The “AYF Summer 2017” section of the Armenian Weekly’s Youth page will highlight the 2017 summer programs of the Armenian Youth Federation—Youth Organization of the Armenian Revolutionary Federation (AYF-YOARF) Eastern United States.
AYF Summer 2017: Armen and Simon
By Shiraz Tarakjian
2017 AYF-YOARF Summer Intern
Coming to Hayastan for the first time in my life, I had almost no idea what to expect regarding the locals, the food, or the atmosphere itself.
As an Armenian born in the United States, I’ve always felt a calling to visit the motherland. However, in the back of my head there was always some resistance because I knew I would feel lost. But I am so grateful that I had the opportunity to be a part of the Armenian Youth Federation (AYF) Internship Program, because the AYF is one of the most knowledgeable organizations I have ever come across.
Our director, ungerouhi Kenar, planned for us to go on a number of excursions during our two-month stay in Yerevan so we would be able to see the many historical sites in Armenia. I knew that if I ever had a question or was unsure of anything, I could count on not only her but also Armen Aslanyan, the founder of Your Way Tour. That was the company ungerouhi Kenar had gotten in contact with to take our group of interns around the country for the duration of the summer.
Accompanying Armen on all of our excursions was our driver Simon. They were the first two locals I met as soon as I stepped foot off of the plane, and I couldn’t be happier that I met them. They have made such a huge impact on my experience here. No matter where we went, the two of them made sure we were comfortable, safe, and informed.
During our two-and-a-half-hour drive to Lastiver, Armen and Simon stopped on the way and generously picked up a bunch of ingredients to make our group’s first homemade khorovadz dinner. I was beyond impressed with how much time and effort Simon devoted after such a long day. Not only did he have to drive a group of people he had just met, but he also joined us on a hike to the campsite under the scorching sun. And while we were getting situated with our living arrangements and the new environment, he spent hours preparing the meat and potatoes for us to enjoy our first night comfortably.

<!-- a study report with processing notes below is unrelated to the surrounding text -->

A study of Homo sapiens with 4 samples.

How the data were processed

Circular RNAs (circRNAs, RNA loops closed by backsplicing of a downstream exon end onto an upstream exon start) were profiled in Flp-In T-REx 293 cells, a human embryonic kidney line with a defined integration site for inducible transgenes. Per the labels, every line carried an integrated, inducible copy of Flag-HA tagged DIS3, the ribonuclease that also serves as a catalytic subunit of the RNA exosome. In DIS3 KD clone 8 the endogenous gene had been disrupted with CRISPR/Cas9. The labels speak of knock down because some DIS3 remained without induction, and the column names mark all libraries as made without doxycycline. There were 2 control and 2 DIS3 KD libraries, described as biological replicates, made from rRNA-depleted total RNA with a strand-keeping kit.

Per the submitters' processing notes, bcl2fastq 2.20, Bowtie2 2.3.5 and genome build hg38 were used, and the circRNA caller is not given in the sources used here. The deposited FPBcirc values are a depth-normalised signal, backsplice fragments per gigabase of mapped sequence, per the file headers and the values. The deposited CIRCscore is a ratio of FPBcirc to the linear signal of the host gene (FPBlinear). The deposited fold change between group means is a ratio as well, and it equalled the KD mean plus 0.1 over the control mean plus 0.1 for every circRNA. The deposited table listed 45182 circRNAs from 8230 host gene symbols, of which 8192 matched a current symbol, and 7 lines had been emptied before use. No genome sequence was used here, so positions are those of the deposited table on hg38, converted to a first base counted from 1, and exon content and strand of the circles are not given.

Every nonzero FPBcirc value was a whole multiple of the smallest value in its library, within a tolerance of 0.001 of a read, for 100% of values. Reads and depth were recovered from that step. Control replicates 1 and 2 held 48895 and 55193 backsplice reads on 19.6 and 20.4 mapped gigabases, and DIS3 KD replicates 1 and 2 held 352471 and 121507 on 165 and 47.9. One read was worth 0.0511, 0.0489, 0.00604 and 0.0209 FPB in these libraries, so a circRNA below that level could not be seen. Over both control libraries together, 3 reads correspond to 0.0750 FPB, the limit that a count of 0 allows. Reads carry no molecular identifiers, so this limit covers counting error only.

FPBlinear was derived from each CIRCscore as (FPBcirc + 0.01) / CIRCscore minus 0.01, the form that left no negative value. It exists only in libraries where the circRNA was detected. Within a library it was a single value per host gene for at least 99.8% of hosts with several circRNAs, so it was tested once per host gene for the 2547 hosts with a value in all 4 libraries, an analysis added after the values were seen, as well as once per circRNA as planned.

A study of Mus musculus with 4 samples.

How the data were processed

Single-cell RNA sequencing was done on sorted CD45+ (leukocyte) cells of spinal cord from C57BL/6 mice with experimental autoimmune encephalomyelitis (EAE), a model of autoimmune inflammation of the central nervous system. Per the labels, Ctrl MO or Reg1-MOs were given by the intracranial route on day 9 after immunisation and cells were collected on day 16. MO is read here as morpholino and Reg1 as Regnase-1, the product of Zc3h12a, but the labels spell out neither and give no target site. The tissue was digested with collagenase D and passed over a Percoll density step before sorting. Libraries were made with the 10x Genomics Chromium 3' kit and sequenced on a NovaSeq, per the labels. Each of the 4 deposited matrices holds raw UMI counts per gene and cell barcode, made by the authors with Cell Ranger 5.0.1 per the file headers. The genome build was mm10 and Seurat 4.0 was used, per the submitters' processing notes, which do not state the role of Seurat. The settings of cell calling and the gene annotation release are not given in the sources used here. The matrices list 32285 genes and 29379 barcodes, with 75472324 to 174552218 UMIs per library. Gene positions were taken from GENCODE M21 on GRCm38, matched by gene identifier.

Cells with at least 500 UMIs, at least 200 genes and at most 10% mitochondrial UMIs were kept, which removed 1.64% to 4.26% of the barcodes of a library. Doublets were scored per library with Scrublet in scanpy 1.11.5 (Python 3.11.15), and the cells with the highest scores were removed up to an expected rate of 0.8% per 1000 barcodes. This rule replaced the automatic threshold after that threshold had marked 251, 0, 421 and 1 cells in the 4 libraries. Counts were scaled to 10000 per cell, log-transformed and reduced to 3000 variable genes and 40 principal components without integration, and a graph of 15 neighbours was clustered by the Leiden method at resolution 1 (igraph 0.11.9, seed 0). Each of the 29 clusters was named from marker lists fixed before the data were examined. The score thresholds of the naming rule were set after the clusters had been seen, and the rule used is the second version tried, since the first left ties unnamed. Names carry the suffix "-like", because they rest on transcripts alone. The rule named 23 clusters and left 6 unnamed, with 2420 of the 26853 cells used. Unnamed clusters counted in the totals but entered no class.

I was under the impression that the locals view American-Armenians through a certain stereotype. Armen and Simon proved me wrong. Anywhere we went, Armen would go out of his way to not only explain each monument and church’s background in the utmost detail but also made sure that even the non-Armenian speakers in our group had a proper translation.
At any point in time—whether it was a hike, dinner accommodations, or even just a long day—when either one of them saw someone look a little unhappy, they would rush over to make sure that person had what he or she needed to make it through the day. The immense amount of generosity that they showed to a bunch of strangers will never be forgotten. I am beyond glad to say that I will be going home having found two more brothers.